Just as I have every year on Thanksgiving since 2003, I spent three hours on Thursday seated at the piano in the dining room of the White Mountain Hotel in North Conway, NH. Directly in my line of forward vision was a couple, I’m guessing in their late sixties, seated in the corner by the window.
I found that I couldn’t take my eyes off of them.
I could see their wedding bands, their well groomed appearance, their hands folded in front of each of them.
What I couldn’t see was love.
They rarely spoke, and only when she would lean forward to say something – then he would simply either nod or shake his head. I watched them as they stared at their folded hands, their wine glasses, their meals as they ate.
“Why are they here and not with family?” I wondered. “Why don’t they speak to or even look at each other?”
Maybe I’m reading too much into it.
I’m skeptical. I’ve been a working musician for a long time – and don’t you know that we’re all professional people watchers?
I’ve seen plenty of retired couples gaze at each other across the table like teenagers in love. I’ve seen lots of twenty- and thirty-somethings spend more time with their iPhones than with each other.
My gut tells me that this older couple ran out of things to say to each other years ago, and the whole scene just broke my heart.
There’s a song in all this…
Maybe it’s the time of year that brings the sadness out of me. The closing and turning of the year are always a bit melancholy – both my parents’ birthdays, their wedding anniversary, the holidays, the anniversaries of both their deaths.
And then, there’s Black Friday.
During his first HBO special after completing drug rehab, George Carlin proclaimed that “the new national pastime… is consumption.” After watching video and reading tweets about Black Friday violence throughout the US this week, his words ring astonishingly true.
Imagine the scene: hundreds of people lined up in the middle of the night – some having camped out for hours – to “spend money they don’t have on things they don’t need,” as George put it. Barricades in place, many of which are breached by customers who cannot contain themselves in their pursuit of deeply discounted items like tablets, game systems and household appliances. Police officers on hand to quell any violence. Men, women, and sometimes young children swept up in the throng, some falling and getting trampled. Fist fights erupting over things like towels and DVD players. A sea of strangers pushing and shoving each other to be the first to grab the latest must-have gadget.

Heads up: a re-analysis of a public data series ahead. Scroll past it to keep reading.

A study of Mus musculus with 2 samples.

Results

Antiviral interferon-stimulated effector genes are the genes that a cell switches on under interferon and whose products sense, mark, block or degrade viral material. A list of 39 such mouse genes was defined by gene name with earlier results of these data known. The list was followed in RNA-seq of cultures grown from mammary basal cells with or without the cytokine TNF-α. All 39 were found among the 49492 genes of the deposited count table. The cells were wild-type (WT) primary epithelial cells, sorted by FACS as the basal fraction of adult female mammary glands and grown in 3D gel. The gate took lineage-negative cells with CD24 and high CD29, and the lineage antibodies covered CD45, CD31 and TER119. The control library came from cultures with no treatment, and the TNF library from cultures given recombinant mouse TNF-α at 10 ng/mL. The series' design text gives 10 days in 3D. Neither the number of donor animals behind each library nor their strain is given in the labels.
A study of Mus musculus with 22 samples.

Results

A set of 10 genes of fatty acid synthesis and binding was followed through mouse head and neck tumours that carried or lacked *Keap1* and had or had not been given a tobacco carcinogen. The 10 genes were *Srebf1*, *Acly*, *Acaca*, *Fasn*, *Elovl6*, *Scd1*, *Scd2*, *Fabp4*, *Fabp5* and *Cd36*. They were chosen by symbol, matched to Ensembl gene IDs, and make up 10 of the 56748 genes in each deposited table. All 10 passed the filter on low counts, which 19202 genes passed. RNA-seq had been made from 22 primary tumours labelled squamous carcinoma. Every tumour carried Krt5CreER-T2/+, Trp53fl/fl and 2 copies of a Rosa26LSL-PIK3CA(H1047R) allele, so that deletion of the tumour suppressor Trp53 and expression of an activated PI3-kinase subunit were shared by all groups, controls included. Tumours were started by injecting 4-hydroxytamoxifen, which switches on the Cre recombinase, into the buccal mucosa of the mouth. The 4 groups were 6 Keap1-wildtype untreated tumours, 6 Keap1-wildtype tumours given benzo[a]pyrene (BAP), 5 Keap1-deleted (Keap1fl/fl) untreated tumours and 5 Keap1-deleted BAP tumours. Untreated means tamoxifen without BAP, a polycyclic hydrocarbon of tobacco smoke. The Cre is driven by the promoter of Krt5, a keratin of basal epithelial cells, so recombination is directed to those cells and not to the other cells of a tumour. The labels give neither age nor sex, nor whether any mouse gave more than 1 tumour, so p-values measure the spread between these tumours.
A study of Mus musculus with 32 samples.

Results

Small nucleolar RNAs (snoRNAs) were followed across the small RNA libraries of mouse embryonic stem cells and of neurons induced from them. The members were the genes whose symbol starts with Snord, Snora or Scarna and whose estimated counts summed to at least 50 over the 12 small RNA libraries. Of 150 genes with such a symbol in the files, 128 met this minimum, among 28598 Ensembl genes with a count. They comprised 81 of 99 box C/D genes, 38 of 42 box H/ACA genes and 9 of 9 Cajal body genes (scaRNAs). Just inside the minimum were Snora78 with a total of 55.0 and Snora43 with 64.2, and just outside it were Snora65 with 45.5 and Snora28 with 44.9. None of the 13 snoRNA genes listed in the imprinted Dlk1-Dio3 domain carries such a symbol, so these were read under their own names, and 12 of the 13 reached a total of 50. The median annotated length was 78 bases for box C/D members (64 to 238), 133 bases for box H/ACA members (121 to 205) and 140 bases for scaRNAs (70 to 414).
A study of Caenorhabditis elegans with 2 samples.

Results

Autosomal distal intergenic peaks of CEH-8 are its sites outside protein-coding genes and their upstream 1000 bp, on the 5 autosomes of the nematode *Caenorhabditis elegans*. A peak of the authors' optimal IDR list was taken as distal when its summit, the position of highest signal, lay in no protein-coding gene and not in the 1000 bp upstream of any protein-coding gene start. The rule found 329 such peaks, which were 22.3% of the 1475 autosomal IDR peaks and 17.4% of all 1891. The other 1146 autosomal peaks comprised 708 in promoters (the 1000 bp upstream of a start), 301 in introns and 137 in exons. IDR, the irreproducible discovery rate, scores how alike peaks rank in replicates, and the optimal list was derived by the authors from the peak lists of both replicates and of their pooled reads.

All this while their bellies are still full of Thanksgiving feasts – dinners, of course, meant to accompany and to celebrate feelings of gratitude.
Recalling my several year stint working in retail, I can assure you that Christmas shopping, particularly that done on Black Friday, can and does bring the worst out of people, and in large unruly numbers.
I’m a little embarrassed to admit that my ex dragged me to Walmart in North Conway on a Black Friday shopping expedition several years ago. This was the first time I’d ever attended one of these early-bird box-store sales. To my complete astonishment, at 4 a.m. the parking lot was nearly filled to capacity. I was in a fluorescent consumerist jungle inhabited by unfriendly, bleary-eyed beasts on the prowl.
Jeans for three bucks. DVDs for a dollar. Deep discounts! Huge savings!
In this small mountain town of less than 10,000 people, the aisles of Walmart were crammed with shoppers clutching coffee cups and the handles of their well-stocked carts. The cheery Christmas music issuing from the PA system coupled with the frowning faces of both staff and customers actually lent a sinister air to the whole enterprise.
“Why, exactly,” I remember thinking, “are we here again?”
Ah, yes. Christmas gifts for loved ones.
When is enough enough?
It brings to mind something that happened almost every night at the dinner table when I was young. Mom or Dad would spoon out whatever it was we were having, accompanying it with the following instruction:
I loved to watch my favorite foods pile up on my plate, especially mashed potatoes. Ah, the glorious gravy lake I would soon build…
.. but I almost always took more than I could comfortably eat, and I wasn’t allowed to leave the table until I finished it. (Seriously, not allowed. I sat for hours one night staring at a half-eaten bowl of Campbell’s Chicken and Stars until I did finally finish it.) I always did regret crossing that line into excess. Still do.
When did shopping and eating and blindly adhering to traditions become more important than genuine human connection and kindness? Is enduring all that obvious misery really worth it?
If you are bloated and nauseated from eating far more than your digestive tract can handle; if you are standing in a dark, cold parking lot in the middle of the night, muscling your way through a frenzied throng to just buy some stuff; if you are sitting at Thanksgiving dinner with someone with whom you can’t even share a loving glance or barely a single word: you have to know when to say “enough is enough!” You have to know when to say “when”.